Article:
An avid enthusiast of mythology and cartography, Toronto-based artist Bailey Henderson sculpts the fearsome sea creatures depicted on medieval and Renaissance-era maps. She brings her bronze sculptures to life with acrylic paint and powdered pigment, creating dimensional versions of the mythical beasts sailors once feared. There’s Ziphius, a bird-faced orca rumored to slice boats in half with its dorsal fin; the cockatrice, a rooster-dragon known to kill by breathing on its victims; and the pinniped, a dog-like seal with protruding tusks. Henderson’s work is often whimsical and humorous, and brings with it a bit of history that makes it all the more fascinating.
Dave Kinsey debuts his new body of work, “Ashes to Ashes,” at Die Kunstagentin in Cologne, Germany on February 5. Known for his bold color palette of deep blues and aquatic teals with jarring, red accents, Kinsey went in an abstract direction with this new series of paintings. While humanoid characters are discernible, Kinsey only creates the slightest semblance of recognizable figures. Dabs of color coalesce into desolate landscapes with seemingly gigantic characters towering overhead. Because of Kinsey’s techniques, the narrative aspect of the work gets muffled and its formal qualities come to the forefront.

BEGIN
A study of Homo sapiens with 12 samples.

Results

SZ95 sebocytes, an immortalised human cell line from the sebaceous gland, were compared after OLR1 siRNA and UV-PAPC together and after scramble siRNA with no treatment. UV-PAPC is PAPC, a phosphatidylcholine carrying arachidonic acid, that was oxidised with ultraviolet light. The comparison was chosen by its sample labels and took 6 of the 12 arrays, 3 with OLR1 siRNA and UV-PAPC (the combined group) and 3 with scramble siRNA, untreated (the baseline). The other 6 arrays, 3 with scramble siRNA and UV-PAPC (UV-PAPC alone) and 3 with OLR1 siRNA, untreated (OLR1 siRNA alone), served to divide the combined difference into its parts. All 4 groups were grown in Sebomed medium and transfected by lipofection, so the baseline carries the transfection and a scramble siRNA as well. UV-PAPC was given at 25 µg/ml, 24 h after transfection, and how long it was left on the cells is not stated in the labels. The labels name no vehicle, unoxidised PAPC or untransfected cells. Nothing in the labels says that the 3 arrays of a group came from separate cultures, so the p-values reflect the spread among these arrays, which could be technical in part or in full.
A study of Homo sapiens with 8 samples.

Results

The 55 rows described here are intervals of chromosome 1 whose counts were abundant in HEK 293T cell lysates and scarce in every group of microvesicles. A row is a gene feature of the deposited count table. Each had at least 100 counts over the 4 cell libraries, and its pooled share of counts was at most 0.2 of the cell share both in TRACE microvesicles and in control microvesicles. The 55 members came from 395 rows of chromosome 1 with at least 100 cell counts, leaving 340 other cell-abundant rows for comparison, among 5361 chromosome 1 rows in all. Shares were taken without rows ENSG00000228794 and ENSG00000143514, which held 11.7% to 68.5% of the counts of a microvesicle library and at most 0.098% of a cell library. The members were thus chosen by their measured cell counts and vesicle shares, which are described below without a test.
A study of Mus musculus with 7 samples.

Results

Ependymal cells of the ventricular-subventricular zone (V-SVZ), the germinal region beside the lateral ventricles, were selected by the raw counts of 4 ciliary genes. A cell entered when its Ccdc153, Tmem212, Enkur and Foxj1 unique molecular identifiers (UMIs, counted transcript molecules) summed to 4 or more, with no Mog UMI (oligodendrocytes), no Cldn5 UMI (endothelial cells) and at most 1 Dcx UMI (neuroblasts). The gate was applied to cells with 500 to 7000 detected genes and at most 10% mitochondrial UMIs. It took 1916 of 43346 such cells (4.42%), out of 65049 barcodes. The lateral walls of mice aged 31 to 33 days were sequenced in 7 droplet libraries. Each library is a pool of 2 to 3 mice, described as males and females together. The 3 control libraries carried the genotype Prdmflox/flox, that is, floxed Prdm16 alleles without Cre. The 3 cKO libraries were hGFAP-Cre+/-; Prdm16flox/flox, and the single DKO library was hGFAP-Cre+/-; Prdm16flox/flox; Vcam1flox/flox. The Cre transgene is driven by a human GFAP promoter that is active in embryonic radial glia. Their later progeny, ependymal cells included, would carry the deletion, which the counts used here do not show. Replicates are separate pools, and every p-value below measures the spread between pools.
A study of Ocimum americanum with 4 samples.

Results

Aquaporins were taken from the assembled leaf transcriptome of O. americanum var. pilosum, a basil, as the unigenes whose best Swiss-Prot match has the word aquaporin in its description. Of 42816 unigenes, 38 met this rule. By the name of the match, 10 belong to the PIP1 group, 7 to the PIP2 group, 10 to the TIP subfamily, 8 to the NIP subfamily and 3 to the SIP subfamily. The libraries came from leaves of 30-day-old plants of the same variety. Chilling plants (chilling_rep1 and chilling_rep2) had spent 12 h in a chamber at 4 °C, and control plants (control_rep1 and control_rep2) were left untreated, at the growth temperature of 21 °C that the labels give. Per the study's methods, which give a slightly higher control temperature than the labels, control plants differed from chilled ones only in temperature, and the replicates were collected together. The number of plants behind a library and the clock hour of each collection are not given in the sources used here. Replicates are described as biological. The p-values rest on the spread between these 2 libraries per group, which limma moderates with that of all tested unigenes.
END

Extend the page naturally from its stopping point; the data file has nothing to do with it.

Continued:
Indonesian artist Entang Wiharso explores the complex social milieu of his home country’s multicultural metropolises in his current solo show at Marc Straus Gallery in Manhattan, which is on view through February 8. “I depict the condition of humans who are often divided by complex, multilayered political, ethnic, racial, and religious systems: they co-exist yet their communication is limited and indirect,” wrote Wiharso about the show.
Frida Kahlo is not only an influential 20th-century artist — she’s an icon. Through the often painful, autobiographical threads in her life’s work, fans have come to embrace the late painter as a symbol of fearless self-expression and resilience. San Francisco’s Gauntlet Gallery pays homage to Kahlo with their group show, “Thank God It’s Frida,” which opens on January 31. Artists such as Valentin Fischer, David Slone, JeanPaul Mallozzi, Cheyenne Randall, Ruben Ireland, and many others paid homage to Kahlo’s brazen spirit and personal style with portraits of the artist. Alongside the exhibition, San Francisco artist D Young V will also debut his site-specific installation, “Forward Motion,” which takes over part of the gallery with floor-to-ceiling murals filled with D Young V’s signature, propaganda-style imagery.
Jacob Dahlgren treats stacks of pencils like blocks of wood in his sculpture series, “Subject of Art.” With each unit sharpened to a different length, the pencils stack on top of one another to create playful, geometric shapes with an Op Art element. Though the forms are quite simple, Dahlgren’s choice of medium makes the series a whimsical exploration of how one can reconfigure basic shapes to creates something new.
Washington, DC. based artist Ashley Oubré creates compelling photoreal images with just carbon pencil, graphite and india ink. Her drawings capture private moments of shame and humiliation from insecurities that many of us face. As someone who once fought depression, she’s set out to embrace what society considers abnormal; obesity, stretch marks, age spots, and twisted spines. These are the characteristics that connect her subjects.